Last night, Hollywood legend Debbie Reynolds, 84, suffered a stroke and died less than 48 hours after her daughter Carrie Fisher passed away following a heart attack.
The high-profile mother and daughter both fell victim to high-profile medical conditions. Heart disease and stroke are the first and fourth leading causes of death in women, respectively. But despite their prevalence, both are still thought of as "men's diseases." And because the study and practice of medicine has traditionally been focused on the diagnosis and treatment of men, symptoms of heart disease and stroke specific to women are frequently overlooked, resulting in misdiagnosis.
While Fisher’s passing had us asking questions about heart disease in women, her mother’s death highlights the differences in stroke symptoms.
Many people are familiar with acting FAST if they suspect someone is having a stroke, meaning that they look for Face drooping, Arm weakness, Speech difficulty and know that it’s Time to call 911. While these apply to both men and women, there is a separate set of conditions specific to spotting a stroke in women. Considering that each year, 55,000 more women have a stroke than men and twice as many women die from having a stroke than breast cancer, it is important to be familiar with the symptoms affecting women.
The symptoms of a stroke come about very suddenly in both men and women, and include:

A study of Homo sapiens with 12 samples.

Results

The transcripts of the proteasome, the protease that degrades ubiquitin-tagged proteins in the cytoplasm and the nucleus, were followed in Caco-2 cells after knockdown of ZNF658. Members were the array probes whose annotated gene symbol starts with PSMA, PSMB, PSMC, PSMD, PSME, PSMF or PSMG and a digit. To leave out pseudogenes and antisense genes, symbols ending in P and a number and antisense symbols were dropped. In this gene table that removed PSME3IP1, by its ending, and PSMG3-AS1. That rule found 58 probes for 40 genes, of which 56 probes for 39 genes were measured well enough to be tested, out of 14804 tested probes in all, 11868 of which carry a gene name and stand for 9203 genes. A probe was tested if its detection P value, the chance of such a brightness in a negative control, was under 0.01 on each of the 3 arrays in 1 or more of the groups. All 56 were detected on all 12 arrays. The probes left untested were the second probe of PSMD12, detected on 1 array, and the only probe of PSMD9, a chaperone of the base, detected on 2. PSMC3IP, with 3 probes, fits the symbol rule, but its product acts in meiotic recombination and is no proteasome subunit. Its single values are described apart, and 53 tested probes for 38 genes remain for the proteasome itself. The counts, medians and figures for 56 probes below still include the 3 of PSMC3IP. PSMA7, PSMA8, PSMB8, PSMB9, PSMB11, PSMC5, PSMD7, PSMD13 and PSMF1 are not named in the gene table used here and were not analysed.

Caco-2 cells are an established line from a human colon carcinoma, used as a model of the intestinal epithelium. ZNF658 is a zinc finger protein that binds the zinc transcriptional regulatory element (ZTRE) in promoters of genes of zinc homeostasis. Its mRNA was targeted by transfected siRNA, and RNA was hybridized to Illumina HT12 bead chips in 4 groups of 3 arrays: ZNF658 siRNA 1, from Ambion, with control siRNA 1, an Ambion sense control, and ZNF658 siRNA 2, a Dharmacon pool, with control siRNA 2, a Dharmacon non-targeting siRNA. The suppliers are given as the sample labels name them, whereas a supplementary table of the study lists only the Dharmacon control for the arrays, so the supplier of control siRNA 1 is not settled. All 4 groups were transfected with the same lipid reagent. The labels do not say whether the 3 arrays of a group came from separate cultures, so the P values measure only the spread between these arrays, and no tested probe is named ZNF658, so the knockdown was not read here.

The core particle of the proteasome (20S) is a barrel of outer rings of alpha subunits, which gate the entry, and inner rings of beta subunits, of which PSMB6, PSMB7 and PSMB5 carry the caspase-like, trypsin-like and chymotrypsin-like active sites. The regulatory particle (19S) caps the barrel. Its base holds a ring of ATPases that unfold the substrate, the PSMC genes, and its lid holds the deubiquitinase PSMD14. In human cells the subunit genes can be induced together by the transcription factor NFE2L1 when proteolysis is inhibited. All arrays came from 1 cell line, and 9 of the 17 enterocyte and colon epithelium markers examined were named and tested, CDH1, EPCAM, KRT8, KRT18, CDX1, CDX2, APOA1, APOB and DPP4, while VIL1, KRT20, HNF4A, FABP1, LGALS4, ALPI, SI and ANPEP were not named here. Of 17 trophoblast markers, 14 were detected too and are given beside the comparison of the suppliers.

So to recap, women have 55,000 more strokes each year than men, yet it is still thought of as a “man’s disease” and there is a whole set of symptoms specific to women that differ from the so-called “common” (aka male) symptoms. Some of the symptoms unique to women include:
Last year, researchers at the Ohio State University released a study that found that only 11 percent of women could identify female-specific stroke risks, several of which are related to hormones like estrogen.
"Women have thought of stroke as a man's disease and have not really been as proactive in understanding their risk for stroke," Dr. Diana Greene-Chandos, a neurologist and director of neuroscience critical care at Ohio State's Wexner Medical Center, told CBS News.
Factors that increase women’s risk of stroke include:
Lastly, more women live alone, have a worse recovery process and are more likely to live in a long-term health care facility after they have a stroke — all the more reason to be aware of the symptoms regardless of gender.